BIG ISLAND (HawaiiNewsNow) - The Merrie Monarch Festival is just around the corner and some are pushing for a ban on one of the competition's most cherished costume adornments.
The lehua blossom from the ohia tree is both iconic and symbolic in the Hawaiian culture. Both the blossom and liko, or new leaves, are traditionally worn in hula competitions.
But the ohia is facing a serious threat from a fungal disease. Thousands of acres of ohia forest have been affected by the infestation on the Big Island.
And scientists say opting not to use ohia at the festival would be a significant step to stopping the spread of the disease to other islands.
"During the Merrie Monarch Festival, people are gathering lei material, both on their own island as well as on the island of Hawaii, they could easily spread that disease to their own islands," said Sam Gon III, senior scientist and cultural advisor for the Nature Conservancy of Hawaii.
Kumu Hula Ed Collier has been a judge at the festival for about 15 years. He said the proposal saddens him as well as other hula and cultural practitioners.
"For years it's been used, and now for us to be told we cannot use it, It's detrimental to our culture," Collier said.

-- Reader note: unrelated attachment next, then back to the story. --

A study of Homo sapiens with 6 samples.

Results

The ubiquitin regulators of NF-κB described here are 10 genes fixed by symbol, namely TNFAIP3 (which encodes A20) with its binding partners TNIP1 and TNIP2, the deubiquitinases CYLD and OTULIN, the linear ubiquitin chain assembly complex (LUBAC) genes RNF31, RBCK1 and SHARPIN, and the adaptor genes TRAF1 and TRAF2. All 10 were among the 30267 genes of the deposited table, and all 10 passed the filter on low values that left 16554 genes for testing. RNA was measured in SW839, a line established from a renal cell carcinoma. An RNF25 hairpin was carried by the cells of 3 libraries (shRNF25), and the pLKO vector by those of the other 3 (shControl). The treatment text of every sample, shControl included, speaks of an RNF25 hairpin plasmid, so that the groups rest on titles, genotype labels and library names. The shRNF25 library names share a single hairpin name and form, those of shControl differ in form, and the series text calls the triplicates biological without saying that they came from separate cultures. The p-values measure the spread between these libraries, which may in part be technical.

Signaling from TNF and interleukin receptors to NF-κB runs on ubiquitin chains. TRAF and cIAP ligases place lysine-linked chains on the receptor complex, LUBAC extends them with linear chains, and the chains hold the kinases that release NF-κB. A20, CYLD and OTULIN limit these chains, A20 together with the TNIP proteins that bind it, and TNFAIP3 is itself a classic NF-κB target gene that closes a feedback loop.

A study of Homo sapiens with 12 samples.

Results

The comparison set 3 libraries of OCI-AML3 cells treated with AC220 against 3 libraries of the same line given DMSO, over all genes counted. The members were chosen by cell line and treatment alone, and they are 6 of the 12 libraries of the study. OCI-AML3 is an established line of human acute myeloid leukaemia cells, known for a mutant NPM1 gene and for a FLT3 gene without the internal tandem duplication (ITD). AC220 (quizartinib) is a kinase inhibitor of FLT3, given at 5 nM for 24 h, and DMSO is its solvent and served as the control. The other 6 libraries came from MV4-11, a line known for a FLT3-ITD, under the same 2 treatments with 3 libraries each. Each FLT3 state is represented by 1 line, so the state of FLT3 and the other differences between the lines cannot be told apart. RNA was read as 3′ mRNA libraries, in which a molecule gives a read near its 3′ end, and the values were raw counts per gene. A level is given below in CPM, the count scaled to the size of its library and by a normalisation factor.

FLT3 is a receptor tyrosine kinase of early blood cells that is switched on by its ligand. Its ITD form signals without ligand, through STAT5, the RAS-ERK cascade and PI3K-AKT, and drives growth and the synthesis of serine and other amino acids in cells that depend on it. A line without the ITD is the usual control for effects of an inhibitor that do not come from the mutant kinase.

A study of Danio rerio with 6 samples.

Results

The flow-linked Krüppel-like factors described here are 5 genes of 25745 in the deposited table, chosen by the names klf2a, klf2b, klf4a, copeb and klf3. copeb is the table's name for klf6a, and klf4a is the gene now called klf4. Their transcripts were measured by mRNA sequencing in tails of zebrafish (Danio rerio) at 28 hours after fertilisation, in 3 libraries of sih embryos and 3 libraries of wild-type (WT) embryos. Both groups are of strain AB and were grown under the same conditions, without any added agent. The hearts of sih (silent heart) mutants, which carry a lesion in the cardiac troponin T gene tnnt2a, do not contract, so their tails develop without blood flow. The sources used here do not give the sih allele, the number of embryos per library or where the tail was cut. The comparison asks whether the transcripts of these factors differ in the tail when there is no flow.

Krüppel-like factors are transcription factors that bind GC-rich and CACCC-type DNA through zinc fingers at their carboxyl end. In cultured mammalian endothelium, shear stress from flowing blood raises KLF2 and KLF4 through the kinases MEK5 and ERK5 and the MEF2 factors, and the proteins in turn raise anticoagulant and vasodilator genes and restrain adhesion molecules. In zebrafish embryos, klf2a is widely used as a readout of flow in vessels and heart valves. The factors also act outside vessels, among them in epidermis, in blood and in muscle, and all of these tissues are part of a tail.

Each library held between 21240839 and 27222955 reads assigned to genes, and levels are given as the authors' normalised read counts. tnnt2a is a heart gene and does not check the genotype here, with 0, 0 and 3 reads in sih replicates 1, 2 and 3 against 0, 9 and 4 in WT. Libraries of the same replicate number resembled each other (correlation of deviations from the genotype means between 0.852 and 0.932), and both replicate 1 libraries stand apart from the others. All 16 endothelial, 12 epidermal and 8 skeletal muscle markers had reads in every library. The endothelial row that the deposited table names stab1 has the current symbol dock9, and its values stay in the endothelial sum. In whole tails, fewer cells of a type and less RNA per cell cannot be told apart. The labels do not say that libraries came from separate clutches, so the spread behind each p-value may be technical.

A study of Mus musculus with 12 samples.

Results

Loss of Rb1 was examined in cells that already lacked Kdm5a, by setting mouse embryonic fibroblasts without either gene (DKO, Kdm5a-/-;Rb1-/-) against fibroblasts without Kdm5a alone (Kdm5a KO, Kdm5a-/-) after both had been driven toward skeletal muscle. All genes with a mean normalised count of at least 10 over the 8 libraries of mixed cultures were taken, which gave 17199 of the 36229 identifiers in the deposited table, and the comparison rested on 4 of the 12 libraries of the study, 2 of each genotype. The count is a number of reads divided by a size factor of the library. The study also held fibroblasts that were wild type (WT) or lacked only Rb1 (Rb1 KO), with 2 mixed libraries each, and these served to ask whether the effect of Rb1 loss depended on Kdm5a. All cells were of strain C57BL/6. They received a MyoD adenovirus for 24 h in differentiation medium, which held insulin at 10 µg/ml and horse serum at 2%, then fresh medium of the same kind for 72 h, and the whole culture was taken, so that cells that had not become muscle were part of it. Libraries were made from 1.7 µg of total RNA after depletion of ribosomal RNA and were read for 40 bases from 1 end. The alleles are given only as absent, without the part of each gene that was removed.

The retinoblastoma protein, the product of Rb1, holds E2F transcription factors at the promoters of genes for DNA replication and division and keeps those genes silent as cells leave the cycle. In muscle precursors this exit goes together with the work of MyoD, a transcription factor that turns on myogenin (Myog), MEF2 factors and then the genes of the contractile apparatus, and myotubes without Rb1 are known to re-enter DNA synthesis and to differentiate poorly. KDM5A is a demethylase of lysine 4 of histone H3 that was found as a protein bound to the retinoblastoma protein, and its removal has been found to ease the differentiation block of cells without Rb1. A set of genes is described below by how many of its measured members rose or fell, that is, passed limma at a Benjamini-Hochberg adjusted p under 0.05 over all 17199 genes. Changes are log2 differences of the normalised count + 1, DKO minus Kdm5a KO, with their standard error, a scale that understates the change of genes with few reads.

Collier said the iconic blossom doesn't dictate the hula or the festival. But it will not be the same without it, he said.
"It is part of hula, it is part of our lives, and now we get told we can't use it. Again, this should have been cared for a long time ago, when it was first detected," Collier said.
The disease has already destroyed more than 34,000 acres on the Big Island. It is considered by many to be the most important tree in the state because native, endangered birds live and feed on them. Gon said the ban would only be temporary, but could have lasting effects.
"If you think about it, that could be one of the most dangerous things to do. To go to the island of Hawaii, find yourself and your halau in an infested area that has this disease and it would be ironic for cultural practitioners, for hula dancers who revere ohia as a symbol of Laka, of Pele, of other deities of hula, to be the ones responsible for spreading this disease to their own island," Gon said.